Alison Redford is the former premier of Alberta.
The premiers are meeting this week in St. John's at their annual summer gathering, where they have a rare opportunity to truly use their combined power to advance a Canadian energy strategy and, through real co-operation, break down interprovincial barriers to build a stronger Canada.
When premiers agreed to Alberta's proposal to develop a Canadian energy strategy in 2012, it was done in a spirit of unity, recognizing the unique expertise and potential from every region to transform our country into a global energy leader.
The strategy acknowledged then, as I hope it will be today, is that every province needs to support one other in developing energy infrastructure, while respecting provincial objectives on greenhouse gas reductions and environmental stewardship.
Crucially, these twin goals of expanding energy infrastructure while ensuring that we manage the development of our energy resources in a responsible and sustainable manner are not mutually exclusive, as some on the extreme edge of the debate argue. It is simply not realistic to claim that we can transition off oil and gas tomorrow, or that stopping desperately needed pipeline development will keep Alberta and Saskatchewan's oil resources in the ground. Even with the continued push toward greater energy efficiency and renewable generation, the world will continue to consume increasing amounts of fossil fuels.
According to the International Energy Agency's most recent global outlook, demand for energy – in all of its forms – is expected to grow at a rate of 1.1 per cent through 2040. Despite the substantial growth expected in wind, solar and other emission-less energy sources over that same time frame, those sources will fulfill only 5 per cent of primary energy demand by then.
Realistically, as the premiers look to the future, it's not a question of alternative energy versus fossil fuels. The world will need both. And that is why a Canadian energy strategy is both timely and necessary.
It comes with the potential for the premiers – acting with common purpose – to rise above historical tiffs and take a refreshingly pan-Canadian view on the responsible development of our energy resources to further enhance the prosperity of every Canadian.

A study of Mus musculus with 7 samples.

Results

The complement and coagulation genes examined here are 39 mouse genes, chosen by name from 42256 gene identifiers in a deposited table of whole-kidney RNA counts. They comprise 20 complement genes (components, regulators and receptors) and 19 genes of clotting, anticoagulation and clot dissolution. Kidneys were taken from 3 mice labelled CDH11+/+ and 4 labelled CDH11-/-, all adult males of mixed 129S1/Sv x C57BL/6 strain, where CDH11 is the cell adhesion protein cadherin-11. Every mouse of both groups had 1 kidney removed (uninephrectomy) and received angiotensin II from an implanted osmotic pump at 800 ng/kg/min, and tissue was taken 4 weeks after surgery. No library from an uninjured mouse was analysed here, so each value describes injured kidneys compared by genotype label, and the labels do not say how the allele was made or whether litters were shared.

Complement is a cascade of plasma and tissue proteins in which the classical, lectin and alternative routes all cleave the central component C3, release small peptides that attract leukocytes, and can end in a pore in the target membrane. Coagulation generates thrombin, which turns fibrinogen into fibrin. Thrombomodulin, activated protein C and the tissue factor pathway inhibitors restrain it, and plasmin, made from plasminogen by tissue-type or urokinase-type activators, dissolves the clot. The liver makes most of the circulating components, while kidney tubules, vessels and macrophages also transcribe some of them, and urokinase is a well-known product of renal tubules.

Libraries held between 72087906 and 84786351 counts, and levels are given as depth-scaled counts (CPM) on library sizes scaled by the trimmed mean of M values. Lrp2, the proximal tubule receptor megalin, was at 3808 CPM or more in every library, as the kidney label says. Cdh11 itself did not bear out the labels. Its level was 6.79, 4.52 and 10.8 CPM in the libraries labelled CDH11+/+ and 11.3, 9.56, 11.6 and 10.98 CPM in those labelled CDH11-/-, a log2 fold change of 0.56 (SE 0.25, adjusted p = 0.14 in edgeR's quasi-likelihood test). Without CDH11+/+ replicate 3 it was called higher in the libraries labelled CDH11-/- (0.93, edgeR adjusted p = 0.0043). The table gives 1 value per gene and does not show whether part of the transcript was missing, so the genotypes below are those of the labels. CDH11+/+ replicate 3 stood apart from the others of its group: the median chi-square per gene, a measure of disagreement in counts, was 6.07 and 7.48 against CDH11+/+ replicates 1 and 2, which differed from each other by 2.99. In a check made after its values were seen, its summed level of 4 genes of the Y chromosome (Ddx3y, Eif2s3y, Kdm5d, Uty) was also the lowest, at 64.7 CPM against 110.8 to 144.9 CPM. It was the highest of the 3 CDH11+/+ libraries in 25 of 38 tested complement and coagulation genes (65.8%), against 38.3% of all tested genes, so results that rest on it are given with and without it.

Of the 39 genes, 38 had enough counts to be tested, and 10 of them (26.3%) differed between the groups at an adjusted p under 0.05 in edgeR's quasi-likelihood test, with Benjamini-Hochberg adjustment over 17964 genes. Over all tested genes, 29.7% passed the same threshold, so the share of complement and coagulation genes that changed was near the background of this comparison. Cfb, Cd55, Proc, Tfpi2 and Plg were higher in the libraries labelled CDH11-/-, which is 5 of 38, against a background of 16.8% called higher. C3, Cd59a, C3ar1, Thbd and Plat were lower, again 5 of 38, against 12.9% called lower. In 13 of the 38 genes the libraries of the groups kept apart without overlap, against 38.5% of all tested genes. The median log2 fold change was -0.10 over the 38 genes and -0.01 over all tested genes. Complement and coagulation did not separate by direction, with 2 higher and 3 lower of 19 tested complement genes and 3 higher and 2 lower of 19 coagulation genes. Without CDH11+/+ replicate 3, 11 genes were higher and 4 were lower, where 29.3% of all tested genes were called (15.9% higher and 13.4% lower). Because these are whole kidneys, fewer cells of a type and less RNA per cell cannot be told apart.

The strategy should see each province continue to play to their respective strengths, be it hydroelectric development in Manitoba, Quebec and Newfoundland and Labrador; wind, solar and natural gas development in Ontario; LNG infrastructure in British Columbia; and yes, the continued responsible production of Alberta's oil sands resource.
It's about agreeing that ideas such as market access are matters of national interest, rising above sometimes parochial interprovincial disputes. There is no potential for Canada to play the increasingly important role we should in supplying the world with energy if we don't have a common commitment to make it happen. A Canadian energy strategy truly is about building bridges to the world and overcoming barriers within.
As prime minister John Diefenbaker declared in his opening campaign rally decades ago: "Canadians, realize your opportunities! This is only the beginning." He was referring to his government's call to spur development in every corner of the country, while ensuring Canadians realized greater value for our natural resources.
Today, 57 years later, his challenge must be taken up once again. I trust the premiers will seize the moment and sign onto a Canadian energy strategy that builds on our inherent strengths as an energy-producing country. They should be applauded for their leadership in doing so.